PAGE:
9 January 2014

1:54 PM

9 January 2014

1:54 PM

Amid continuing confusion on what on earth the Tories do think about raising the minimum wage, George Osborne has had a go at clarifying things. He has just told Sky News:

‘Well look, I think everyone wants to see an increase in the minimum wage. I’d like to see an increase in the minimum wage, but it has to be done in a way that doesn’t cost people their jobs, because that would be self-defeating and we have the Low Pay Commission as a body that exists to make exactly that judgement, and what we’ve got to do as a country is get that balance right between supporting business, growing our economy and making sure it’s a recovery for all and that is what our long term plan is all about delivering.’

Oddly, this is being written up as ‘Chancellor rules out big rise in minimum wage’ when this isn’t quite the case. He started out by saying ‘I’d like to see an increase in the minimum wage’ before saying that any rise couldn’t cost jobs, which even those on the left acknowledge (which is why Ed Miliband has made his support for a living wage about encouraging firms through tax breaks and social pressure to raise wages, rather than raising the minimum wage level to match the living wage across the board).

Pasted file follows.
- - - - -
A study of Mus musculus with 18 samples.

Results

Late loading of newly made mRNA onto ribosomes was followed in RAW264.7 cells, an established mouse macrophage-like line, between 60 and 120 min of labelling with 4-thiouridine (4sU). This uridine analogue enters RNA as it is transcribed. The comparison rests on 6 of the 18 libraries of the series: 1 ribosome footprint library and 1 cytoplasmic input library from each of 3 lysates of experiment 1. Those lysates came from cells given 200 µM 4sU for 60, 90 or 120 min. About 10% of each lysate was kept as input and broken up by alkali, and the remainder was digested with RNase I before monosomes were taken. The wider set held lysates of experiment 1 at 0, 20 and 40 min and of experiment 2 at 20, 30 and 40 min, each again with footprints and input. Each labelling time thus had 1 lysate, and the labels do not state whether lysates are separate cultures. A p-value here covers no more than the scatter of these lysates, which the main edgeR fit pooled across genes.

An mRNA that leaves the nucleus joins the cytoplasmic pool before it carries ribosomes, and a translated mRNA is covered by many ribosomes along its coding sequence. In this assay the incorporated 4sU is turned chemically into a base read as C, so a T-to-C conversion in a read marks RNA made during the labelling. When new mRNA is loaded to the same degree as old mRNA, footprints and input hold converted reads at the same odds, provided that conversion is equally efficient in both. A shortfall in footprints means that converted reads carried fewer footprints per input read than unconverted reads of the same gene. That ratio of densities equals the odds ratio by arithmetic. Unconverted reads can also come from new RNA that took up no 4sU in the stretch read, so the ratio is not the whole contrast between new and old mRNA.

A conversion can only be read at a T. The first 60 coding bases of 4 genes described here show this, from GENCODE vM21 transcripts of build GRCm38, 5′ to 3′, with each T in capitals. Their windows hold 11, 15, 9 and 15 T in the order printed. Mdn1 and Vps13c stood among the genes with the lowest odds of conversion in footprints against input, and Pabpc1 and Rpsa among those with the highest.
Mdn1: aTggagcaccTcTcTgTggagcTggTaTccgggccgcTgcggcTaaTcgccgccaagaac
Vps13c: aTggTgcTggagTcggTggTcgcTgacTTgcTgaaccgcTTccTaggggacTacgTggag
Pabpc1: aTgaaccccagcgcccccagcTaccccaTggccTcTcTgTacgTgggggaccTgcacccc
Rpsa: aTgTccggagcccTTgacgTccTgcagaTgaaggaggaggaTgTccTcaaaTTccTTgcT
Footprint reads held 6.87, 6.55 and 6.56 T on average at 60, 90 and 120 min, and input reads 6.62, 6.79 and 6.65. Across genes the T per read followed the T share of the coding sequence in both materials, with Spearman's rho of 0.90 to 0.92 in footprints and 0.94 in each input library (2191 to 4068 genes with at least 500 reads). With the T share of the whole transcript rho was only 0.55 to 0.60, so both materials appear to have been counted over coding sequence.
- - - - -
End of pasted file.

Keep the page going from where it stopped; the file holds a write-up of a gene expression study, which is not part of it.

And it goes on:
The key sentence in this short clip is it has to be done in a way that doesn’t cost people their jobs, which might be a hint at the plan reported by the Mail for tax breaks for firms to ease the blow of a higher hourly rate. This, incidentally, is not a million miles away from the tax breaks that Miliband has been mooting for a while for firms who pay the living wage, which might lead some in the party to despair that David Cameron and co are now outsourcing their policymaking to the Labour party (see Douglas Carswell’s post for us on the importance of a party having the courage of its convictions). The Chancellor clearly wants to signal that he’s not just going to hand out expensive goodies in the run-up to the election as he wants to show that fiscal discipline is the cornerstone of his approach to the economy. But he’s not ruling a rise out by any means.